First-year college students, many
away from home for the first time, face many temptations. They likely
have been warned about sexual impurity and binge drinking, but they
may have received little or no parental advice about a subtler lure:
Typically, students registering
for fall classes also must make their way past a myriad of tables where
trained credit card representatives press them to apply for a card in
exchange for a free T-shirt with the schools logo. Applicants
need no co-signer or proof of income to obtain a card with up to a $5,000
Nellie Mae, which issues federally
guaranteed student loans, reported earlier this year that college undergraduates
carry an average credit card balance of $2,748, up from $1,879 only
three years ago. Nellie Mae indicated that 78 percent of college students
had credit cards while 32 percent had four or more.
Credit card companies and banks,
which mailed 3.3 billion credit card solicitations last year
about 30 per household spend billions of marketing dollars telling
students they deserve large lines of credit. Students entering Christian
schools are no exception. Once at school, students regularly receive
card offers in their mailboxes.
"Its amazing how many
incoming students already have a credit card or have been approached
about getting one," says Jennifer Fetters, senior financial aid
counselor at Northwest College in Kirkland, Wash.
Mary Hunt, author of Debt-Proof
Your Kids and editor of Cheapskate Monthly newsletter, advises parents
to allow college-attending children to have a card only if its
in the students name and has a $500 limit. Many parents have found
their credit rating ruined by children who have charged thousands of
dollars to their account, Hunt says. She also recommends that any balance
be paid immediately so that no interest charges accrue. She says students
shouldnt obtain a card with an annual fee or one that promises
payoffs, such as free airline miles or discounts on a new car the more
it is used.
"Its easy to say Ill
pay for it later," Fetters says. "But if you buy a $15 pizza
with a credit card it ultimately can end up costing you $45."
The average annual cost of tuition
at a private four-year college escalated to $16,332 in 2000, meaning
that few students can make it through without borrowing money. "The
Bible does not prohibit borrowing," says Atlanta-based financial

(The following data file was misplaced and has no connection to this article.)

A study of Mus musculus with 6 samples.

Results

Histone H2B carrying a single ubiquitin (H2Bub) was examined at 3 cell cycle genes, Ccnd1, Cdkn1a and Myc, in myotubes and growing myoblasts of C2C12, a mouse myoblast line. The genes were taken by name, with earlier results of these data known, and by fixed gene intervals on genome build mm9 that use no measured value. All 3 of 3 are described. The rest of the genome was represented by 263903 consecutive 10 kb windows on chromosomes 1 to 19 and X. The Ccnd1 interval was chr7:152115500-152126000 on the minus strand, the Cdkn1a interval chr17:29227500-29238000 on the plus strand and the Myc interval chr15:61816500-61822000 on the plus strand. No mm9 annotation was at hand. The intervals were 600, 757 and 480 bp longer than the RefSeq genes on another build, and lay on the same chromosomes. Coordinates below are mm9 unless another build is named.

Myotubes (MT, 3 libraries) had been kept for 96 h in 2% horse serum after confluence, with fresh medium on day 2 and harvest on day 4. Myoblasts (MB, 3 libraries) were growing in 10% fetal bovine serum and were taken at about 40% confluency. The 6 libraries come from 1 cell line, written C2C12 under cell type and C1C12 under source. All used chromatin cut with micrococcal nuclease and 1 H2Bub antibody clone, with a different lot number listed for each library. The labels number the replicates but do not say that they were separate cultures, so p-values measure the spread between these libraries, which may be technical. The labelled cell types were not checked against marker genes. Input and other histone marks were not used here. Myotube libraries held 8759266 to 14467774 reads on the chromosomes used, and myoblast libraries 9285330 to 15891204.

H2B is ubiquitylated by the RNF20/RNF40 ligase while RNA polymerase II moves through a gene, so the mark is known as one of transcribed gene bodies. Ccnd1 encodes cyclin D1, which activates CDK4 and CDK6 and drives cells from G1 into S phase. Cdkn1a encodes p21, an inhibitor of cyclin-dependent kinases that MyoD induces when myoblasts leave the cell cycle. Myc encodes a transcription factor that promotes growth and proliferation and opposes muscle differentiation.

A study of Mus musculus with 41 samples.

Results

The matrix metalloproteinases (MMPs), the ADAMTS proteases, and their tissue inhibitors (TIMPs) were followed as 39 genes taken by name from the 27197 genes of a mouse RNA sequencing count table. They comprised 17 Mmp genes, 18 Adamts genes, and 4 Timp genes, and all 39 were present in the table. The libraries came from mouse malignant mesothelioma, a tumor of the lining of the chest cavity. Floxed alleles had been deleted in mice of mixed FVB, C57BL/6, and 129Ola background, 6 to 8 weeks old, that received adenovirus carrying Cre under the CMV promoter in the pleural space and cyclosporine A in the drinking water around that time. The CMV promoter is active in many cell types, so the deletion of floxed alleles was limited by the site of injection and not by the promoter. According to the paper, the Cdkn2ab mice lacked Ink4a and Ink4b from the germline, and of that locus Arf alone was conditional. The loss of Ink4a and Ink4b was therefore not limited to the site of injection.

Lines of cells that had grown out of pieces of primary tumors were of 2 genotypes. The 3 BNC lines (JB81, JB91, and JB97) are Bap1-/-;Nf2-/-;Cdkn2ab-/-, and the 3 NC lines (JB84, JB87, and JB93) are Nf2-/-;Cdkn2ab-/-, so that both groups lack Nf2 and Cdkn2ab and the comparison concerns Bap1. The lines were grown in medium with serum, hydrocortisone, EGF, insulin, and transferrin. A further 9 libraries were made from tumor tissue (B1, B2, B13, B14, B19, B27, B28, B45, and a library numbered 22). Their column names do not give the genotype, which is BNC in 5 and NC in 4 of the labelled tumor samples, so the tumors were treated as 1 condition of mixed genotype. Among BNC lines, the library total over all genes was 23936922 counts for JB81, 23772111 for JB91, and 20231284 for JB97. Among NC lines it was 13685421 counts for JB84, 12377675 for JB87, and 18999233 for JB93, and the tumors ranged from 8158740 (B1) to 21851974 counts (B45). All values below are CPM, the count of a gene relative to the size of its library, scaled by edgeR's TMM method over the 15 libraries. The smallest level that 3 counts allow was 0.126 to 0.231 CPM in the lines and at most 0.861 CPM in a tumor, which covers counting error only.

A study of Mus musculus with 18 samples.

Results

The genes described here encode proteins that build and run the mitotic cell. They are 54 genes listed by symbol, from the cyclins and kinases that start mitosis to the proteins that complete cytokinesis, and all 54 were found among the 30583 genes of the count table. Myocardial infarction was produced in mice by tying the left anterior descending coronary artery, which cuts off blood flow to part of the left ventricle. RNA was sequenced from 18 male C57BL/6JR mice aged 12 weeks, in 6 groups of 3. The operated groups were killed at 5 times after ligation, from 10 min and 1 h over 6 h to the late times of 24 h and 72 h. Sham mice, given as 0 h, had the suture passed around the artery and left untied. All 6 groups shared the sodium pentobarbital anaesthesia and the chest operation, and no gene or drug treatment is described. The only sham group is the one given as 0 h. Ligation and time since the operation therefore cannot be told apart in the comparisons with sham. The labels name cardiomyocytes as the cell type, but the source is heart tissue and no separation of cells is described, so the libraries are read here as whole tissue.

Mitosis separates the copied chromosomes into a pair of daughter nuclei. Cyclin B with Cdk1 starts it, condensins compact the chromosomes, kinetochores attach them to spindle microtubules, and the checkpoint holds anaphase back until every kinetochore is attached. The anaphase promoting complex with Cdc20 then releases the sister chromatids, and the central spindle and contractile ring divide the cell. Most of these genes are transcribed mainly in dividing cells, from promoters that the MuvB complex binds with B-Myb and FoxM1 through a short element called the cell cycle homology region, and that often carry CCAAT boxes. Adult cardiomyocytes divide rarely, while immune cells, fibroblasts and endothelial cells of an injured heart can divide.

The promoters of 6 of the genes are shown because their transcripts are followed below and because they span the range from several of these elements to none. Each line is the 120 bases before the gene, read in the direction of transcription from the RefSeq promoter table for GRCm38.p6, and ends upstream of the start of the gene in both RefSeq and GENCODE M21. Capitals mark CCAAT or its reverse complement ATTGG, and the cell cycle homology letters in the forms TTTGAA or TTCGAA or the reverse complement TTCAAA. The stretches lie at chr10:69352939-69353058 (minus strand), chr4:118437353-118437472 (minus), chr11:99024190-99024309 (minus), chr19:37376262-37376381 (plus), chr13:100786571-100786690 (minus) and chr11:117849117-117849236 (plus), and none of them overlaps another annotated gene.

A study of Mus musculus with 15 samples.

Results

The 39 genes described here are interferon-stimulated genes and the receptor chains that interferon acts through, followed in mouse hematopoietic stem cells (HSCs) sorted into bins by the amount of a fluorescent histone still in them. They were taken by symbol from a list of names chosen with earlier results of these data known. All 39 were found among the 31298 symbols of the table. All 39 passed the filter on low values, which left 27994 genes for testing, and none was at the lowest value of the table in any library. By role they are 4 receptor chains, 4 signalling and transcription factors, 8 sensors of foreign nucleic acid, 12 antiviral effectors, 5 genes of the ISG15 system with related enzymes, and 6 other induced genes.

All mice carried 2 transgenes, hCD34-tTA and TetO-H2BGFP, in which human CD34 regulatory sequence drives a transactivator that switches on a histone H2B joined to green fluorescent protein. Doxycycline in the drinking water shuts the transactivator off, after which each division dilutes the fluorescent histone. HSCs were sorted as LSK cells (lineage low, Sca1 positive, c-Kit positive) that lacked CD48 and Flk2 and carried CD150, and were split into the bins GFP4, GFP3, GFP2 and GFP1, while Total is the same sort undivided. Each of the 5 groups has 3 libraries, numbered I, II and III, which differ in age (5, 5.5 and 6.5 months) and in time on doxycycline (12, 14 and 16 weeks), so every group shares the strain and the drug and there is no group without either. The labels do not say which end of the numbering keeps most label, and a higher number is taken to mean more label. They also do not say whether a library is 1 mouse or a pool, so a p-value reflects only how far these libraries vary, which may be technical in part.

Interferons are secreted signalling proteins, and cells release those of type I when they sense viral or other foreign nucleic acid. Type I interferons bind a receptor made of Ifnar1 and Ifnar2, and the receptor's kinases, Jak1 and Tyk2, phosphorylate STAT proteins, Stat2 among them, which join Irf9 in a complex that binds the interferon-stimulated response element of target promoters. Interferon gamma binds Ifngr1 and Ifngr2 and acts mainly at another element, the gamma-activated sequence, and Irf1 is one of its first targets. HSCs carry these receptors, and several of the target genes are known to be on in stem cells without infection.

expert Ron Blue, author of Raising Money-Smart Kids. "Rather, Scripture
discourages it by pointing out the dangers associated with going into
debt. Students should not go into debt without a carefully considered
Experts say credit cards arent
inherently bad, especially if students need to pay for an unexpected
car repair or flight home. However, many collegians are looking for
ways to defer not only tuition costs but also everyday expenses. Innumerable
first-year students have found plastic cards a way of easily acquiring
items such as DVDs and CDs.
"Its nice to have a credit
card for emergencies, but the latest sale at Nordstroms is not
an emergency," Fetters says. "Students need to learn to live
within their budget. We advise them not to buy anything unless its
"Students can easily run up
$25,000 in debt their freshman year in college," says Hunt, who
lives in Garden Grove, Calif. Hunt advises students to flee the temptation
of putting tuition payments on credit cards. "Education at a pricey
private school is not a given right," she says.
Hunt says its a fallacy to
presume that debt will quickly be paid off upon graduation. Many students
start raising a family and take on a mortgage soon after college. In
addition, others fail to attain the dream job they sought, which makes
a monthly $300 Visa or MasterCard bill a tremendous burden.
First-year students who run up bills
they cannot pay can set in motion a life-changing trajectory. Some have
to decrease their class load and increase their work schedule, which
can cause a drop in grades. Some drop out entirely to pay off debts.